Human Resources Letterbox-type practices are widespread
The ETUC is the voice of workers and represents 45 mill. members from 89 trade union organisations in 39 European countries, plus 10 European Trade Union Federations. Letterbox companies are legal entities established in an EU country, where they have no (or minor) economic activities, in order to “regime shop” for lower taxes, wages etc.
The report “The impact of letterbox – type practices on labour rights and public revenue” features case studies from Germany, the Netherlands, Italy and Sweden, covering the meat, road transport, car manufacturing and construction sectors. It shows how tax avoidance often combines with exploiting workers. For the purpose of this report, the term “letterbox companies” shall be considered as not only including legal entities without any material substance, but also companies with potentially artificial incorporations where, for instance, it is questionable whether management or financial decisions are made at the place of incorporation, whilst the legal entity enjoys material benefits from the incorporation.
The cases reported include Danish Crown, a German-based holding company, which owns slaughtering and meat processing factories which subcontract workers on the site from letterbox companies in Poland, Hungary and Romania. Workers have 14–20 hour working days and no pension and health insurance payments, are not employed by the same “subcontractor” for more than 6 months and have contracts passed from one letterbox company to another.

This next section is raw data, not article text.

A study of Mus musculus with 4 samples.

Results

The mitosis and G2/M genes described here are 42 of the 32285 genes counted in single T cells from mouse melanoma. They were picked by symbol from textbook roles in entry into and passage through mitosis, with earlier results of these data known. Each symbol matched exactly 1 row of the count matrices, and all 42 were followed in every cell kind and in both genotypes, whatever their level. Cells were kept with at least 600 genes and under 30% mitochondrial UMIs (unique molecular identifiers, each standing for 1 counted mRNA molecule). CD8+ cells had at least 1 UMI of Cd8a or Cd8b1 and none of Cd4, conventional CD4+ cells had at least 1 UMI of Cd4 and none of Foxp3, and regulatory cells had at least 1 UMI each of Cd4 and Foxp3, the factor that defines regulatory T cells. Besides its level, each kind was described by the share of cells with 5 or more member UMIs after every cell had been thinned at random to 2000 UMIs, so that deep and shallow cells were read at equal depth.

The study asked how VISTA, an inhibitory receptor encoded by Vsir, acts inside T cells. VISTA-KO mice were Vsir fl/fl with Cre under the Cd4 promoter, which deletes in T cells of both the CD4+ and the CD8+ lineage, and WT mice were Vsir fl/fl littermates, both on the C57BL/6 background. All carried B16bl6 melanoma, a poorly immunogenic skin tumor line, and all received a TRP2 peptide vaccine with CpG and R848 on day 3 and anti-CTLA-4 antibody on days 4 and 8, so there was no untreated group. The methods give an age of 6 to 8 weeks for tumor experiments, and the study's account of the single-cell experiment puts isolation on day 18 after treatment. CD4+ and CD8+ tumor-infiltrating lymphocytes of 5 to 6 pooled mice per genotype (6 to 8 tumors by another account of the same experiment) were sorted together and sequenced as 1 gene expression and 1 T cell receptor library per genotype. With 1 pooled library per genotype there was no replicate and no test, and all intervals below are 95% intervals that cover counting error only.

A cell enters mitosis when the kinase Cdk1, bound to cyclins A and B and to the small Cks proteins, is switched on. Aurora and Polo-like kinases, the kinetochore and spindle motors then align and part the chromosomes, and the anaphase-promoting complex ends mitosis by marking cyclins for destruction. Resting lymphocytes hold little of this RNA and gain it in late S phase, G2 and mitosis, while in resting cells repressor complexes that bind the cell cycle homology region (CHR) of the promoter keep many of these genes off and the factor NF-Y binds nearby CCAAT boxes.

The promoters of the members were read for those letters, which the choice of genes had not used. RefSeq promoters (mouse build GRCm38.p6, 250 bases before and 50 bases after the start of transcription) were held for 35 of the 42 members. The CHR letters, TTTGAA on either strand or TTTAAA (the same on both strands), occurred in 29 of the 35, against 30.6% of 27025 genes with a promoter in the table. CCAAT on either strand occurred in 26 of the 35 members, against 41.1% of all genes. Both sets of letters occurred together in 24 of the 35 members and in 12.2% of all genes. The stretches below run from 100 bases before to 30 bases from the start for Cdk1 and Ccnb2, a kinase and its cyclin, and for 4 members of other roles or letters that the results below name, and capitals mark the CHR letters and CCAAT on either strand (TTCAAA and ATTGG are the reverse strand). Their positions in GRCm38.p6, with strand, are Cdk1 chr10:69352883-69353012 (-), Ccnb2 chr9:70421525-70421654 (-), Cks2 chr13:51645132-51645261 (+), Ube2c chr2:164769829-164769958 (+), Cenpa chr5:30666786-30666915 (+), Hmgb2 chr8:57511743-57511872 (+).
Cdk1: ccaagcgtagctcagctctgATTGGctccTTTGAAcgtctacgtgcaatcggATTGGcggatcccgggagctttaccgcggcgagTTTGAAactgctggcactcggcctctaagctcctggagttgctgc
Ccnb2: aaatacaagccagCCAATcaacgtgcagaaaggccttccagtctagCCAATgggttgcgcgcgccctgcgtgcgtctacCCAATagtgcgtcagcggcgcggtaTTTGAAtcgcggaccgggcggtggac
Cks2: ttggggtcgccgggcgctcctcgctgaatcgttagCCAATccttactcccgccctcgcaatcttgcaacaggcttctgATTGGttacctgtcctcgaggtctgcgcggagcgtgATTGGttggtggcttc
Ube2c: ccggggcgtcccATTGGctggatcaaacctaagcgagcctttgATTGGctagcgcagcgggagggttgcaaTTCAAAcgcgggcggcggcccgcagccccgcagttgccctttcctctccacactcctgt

The report also reveals that 83% of foreign direct investment in the Netherlands, and 96% in Luxembourg, are into “Special Purpose Entities” (letterbox companies): so the vast majority of “foreign investment” in those countries is for the purpose of paying less tax.
The next phase of this ETUC project, funded by the European Commission, will examine solutions to this avoidance of taxes, wages and social security payments.